It’s just a little over a year ago that journalist Itay Hod basically out Rep. Aaron Schock (R.-Ripped Abs). Schock managed to ride out the storm, which included being outed by The New York Times, and win re-election in his Illinois district largely by not acknowledging the reports.
But that doesn’t mean Schock isn’t still touchy about his image, as the Washington Post discovered. Reporter Ben Terris visited Schock’s office and found that it had been completely redone.
Bright red walls. A gold-colored wall sconce with black candles. A Federal-style bull’s-eye mirror with an eagle perched on top. And this is just the Illinois Republican’s outer office.
“It’s actually based off of the red room in ‘Downton Abbey,’?” said the woman behind the front desk, comparing it to the luxurious set piece at the heart of the British period drama.
Fortunately for Terris, the office’s designer, Annie Brahler of the firm Euro Trash (really), was on hand to provide a full tour, which features a display of peacock feathers (on full view in Terris’ story).
Schock’s staff doesn’t believe that nothing says “I’m heterosexual” more than Downton Abbey and peacock feathers. Once communication director Benjanim Cole discovered Terris was snapping pics with his phone, Cole went into full panic mode, demanding that Terris delete the photos and promising an interview with Schock himself if Terris would drop the story. Cole said that Schock hadn’t even seen the office, so it wasn’t fair to write about it.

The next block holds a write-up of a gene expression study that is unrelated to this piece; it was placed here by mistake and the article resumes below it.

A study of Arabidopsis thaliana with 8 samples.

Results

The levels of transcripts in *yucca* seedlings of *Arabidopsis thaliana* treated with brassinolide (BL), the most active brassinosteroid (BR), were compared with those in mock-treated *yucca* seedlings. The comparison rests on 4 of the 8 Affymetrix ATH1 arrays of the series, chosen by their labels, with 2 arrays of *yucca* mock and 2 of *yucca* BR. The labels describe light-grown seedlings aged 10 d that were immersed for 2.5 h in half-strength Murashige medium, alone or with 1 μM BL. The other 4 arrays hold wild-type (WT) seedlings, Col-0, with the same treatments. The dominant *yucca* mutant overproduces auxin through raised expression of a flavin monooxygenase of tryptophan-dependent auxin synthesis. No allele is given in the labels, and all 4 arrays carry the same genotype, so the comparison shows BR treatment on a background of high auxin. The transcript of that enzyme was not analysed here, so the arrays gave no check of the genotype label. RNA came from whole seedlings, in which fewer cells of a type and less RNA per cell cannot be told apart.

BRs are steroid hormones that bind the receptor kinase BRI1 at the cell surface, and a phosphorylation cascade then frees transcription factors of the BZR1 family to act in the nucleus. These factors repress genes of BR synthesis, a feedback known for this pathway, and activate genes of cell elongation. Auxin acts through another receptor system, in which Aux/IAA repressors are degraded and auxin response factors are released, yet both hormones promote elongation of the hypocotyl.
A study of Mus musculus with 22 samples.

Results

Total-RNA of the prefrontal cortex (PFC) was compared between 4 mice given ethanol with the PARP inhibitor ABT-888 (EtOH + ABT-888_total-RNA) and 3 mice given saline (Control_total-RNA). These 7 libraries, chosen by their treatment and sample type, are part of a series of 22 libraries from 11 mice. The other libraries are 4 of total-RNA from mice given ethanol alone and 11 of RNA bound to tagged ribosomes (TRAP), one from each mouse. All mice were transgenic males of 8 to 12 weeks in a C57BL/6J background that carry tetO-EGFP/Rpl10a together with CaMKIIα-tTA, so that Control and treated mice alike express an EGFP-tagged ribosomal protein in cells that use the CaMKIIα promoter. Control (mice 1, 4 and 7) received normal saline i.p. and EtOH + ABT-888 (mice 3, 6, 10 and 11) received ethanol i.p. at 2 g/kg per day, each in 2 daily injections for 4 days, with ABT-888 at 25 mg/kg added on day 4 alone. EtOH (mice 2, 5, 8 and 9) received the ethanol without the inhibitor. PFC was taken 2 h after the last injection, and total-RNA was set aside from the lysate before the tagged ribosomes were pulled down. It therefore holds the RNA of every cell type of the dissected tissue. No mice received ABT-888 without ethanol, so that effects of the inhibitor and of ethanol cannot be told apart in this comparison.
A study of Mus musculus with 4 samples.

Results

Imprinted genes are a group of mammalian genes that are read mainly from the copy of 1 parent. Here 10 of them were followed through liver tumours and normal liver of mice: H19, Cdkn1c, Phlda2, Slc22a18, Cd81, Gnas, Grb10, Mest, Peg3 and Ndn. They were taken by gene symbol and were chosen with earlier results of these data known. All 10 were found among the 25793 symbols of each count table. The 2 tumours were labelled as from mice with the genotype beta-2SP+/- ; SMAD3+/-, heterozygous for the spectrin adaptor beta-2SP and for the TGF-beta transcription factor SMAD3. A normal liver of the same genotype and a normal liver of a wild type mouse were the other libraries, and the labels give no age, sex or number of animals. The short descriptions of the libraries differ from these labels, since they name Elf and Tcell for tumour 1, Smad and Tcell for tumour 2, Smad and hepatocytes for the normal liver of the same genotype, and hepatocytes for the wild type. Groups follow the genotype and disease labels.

Terris agreed to hold off, if he could be present when Schock did see the office for the first time. Cole agreed, and then reneged. When Terris asked about Schock’s fondness for “Downton Abbey,” Cole replied, “I don’t even know if he watches it; I don’t know what shows he watches. But I don’t think he watches much TV.”
Of course, Cole’s skittishness made the story impossible to ignore and his boss a laughingstock. It also put Schock under ethical scrutiny. The Citizens for Responsibility and Ethics filed a request with the Office of Congressional Ethics to determine if Schock violated ethical guidelines. Designer Brahler told the Washington Post that Schock admired her work so much that she offered her services for free. That would be a no-no.
Just one question remains: when Schock is ensconced in his new office, whom does he imagine himself to be: Lady Cora, Lady Mary or Lady Sybil? Of course, there’s always the downstairs staff, like, say, Barrow. He’s struggling with the closet right now. Barrow, that is.